Powering the Civic is a 1.8-liter 4-Cylinder making 140 hp with either a 5-speed manual or 5-speed automatic transmission. Fuel economy is rated at 28 mpg city and 39 mpg highway using the automatic and 28/36 with the manual, though Honda claims using the car's Econ mode will deliver a slight improvement. That's good, because the Elantra, thanks in part to its choice of 6-speed manual or automatic transmission, offers a 29 mpg city and 40 mpg highway rating. The Elantra is also slightly more powerful, with a 1.8-liter 4-cylidner making 148 hp.
With top marks in the styling department the Elantra is a bold departure from past versions of the car. The Civic, however, sticks closely to previous styling cues - so much so it's almost hard to notice it's new.
Criticized for being rather basic inside, the Civic is simple yet familiar, while the Elantra is again a bold departure from Hyundai's past with equal if not better materials and plenty more design. Fit and finish on the Honda is still top notch, as are ergonomics. A point of contention for many buyers continues to be Honda's two-tier dash, showing the speed displayed on the top and tachometer and other info below.
In terms of equipment, all Elantra and Civic models come with remote keyless entry and power windows as standard. Optional on both is air conditioning, Bluetooth, as well as an iPod and USB hookup. Hyundai offers a tilt steering wheel standard while all Civic models get both tilt and telescopic functions.
Available features on both cars include climate control, navigation, leather, heated front seats and upgraded audio systems. Hyundai also offers heated rear seats and a keyless access system with a push button ignition, while the Civic can be had with Honda's new i-MID in-dash screen and 5-way steering wheel controllers to access trip info, as well as operate the different media types and Bluetooth.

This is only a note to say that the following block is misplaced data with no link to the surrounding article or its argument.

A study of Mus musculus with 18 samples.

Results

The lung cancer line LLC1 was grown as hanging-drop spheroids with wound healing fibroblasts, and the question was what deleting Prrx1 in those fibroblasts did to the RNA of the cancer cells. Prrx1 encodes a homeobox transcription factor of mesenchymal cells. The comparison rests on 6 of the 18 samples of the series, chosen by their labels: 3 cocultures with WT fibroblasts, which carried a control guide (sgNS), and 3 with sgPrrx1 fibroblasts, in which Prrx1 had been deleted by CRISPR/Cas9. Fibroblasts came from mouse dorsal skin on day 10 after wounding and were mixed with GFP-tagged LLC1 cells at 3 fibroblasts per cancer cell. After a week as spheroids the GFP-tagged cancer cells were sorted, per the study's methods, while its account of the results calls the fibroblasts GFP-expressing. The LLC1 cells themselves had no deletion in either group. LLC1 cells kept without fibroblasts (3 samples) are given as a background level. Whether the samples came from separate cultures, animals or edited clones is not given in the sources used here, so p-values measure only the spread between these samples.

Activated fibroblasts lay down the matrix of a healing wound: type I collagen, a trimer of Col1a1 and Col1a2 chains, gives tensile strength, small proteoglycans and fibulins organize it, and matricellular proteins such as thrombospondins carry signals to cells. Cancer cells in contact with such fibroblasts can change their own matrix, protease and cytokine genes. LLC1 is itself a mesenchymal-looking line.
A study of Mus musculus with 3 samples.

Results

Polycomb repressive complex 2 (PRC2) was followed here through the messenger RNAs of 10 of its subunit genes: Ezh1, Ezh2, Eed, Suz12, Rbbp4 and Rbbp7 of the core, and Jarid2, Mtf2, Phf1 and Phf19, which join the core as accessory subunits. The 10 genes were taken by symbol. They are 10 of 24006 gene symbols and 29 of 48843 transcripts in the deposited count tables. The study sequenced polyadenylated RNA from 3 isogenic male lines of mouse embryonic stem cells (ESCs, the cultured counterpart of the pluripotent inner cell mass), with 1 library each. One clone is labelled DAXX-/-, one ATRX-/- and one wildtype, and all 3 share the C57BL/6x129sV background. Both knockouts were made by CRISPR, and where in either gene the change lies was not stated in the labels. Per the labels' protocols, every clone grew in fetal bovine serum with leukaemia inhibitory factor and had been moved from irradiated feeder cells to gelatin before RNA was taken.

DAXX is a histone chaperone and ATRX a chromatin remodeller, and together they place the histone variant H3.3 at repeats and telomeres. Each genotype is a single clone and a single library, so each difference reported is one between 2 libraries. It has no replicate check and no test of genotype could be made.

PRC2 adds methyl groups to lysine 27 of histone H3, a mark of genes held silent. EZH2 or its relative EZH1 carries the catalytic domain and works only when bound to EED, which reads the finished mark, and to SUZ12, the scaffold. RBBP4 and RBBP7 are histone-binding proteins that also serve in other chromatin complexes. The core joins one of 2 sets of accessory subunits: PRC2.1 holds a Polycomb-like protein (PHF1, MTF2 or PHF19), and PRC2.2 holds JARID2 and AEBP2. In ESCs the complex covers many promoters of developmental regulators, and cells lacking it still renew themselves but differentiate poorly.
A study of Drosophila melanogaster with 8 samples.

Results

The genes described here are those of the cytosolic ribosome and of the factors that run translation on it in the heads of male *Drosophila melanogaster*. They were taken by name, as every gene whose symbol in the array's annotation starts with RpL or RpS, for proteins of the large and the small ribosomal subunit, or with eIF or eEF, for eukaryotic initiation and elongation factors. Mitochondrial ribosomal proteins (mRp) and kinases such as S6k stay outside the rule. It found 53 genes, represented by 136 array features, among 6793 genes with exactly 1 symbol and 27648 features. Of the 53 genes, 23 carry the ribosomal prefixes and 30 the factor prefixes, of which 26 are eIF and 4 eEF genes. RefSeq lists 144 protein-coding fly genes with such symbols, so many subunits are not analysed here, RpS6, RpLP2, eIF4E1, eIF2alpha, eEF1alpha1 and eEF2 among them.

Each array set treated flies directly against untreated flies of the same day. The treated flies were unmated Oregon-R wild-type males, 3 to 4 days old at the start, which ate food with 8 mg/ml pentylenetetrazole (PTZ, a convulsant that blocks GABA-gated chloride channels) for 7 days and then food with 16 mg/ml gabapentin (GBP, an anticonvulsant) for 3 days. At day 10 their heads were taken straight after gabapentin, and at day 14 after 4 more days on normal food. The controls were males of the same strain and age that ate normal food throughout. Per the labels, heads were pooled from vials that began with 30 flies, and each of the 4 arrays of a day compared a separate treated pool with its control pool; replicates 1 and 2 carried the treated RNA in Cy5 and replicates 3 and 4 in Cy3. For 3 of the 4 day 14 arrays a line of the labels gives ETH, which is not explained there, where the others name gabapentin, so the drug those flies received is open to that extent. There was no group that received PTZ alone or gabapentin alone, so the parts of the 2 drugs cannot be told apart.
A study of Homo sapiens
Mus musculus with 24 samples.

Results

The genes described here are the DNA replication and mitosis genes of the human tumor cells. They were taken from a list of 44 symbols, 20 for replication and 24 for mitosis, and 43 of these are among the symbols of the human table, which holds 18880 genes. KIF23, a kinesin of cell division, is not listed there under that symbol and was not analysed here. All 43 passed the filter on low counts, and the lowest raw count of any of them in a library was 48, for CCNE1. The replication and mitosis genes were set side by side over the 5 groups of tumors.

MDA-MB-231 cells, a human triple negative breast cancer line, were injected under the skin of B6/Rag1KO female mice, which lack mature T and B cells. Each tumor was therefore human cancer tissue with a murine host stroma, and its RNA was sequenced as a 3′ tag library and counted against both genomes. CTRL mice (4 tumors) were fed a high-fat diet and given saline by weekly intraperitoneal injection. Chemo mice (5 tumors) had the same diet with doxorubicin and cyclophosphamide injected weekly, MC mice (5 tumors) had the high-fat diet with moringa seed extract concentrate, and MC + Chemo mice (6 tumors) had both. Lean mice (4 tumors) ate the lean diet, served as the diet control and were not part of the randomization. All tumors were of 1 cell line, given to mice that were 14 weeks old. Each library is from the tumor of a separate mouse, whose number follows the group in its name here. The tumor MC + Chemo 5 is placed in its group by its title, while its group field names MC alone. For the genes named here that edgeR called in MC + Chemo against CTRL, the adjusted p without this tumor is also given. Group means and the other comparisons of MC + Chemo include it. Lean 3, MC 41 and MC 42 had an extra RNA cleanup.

Driver and passenger room in both cars is roughly equal, with reasonable space for adults in the rear seat of either car. Trunk room in the Honda is rated at 12.5 cubic feet, with the Elantra slightly larger at 14.8 cu-ft.
As for safety, both cars get six airbags each, including front, front-side and side-curtain.
A bit softer than in the past the Honda Civic retains its responsive steering and thanks to its fully independent suspension remains composed even on rougher ground, whereas the torsion beam rear end on the Elantra allows more road harshness to be carried through into the cabin. For those with sporting intentions, Honda's stability control system is much less restrictive, coming in later and more gradually. A continued critique of the Elantra, and the rest of the Hyundai lineup, is its numb on-center steering.
Equal cars in many respects, that also includes price. Honda lists the Civic as starting at $15,605 a slight bump over the Elantra at $15,345.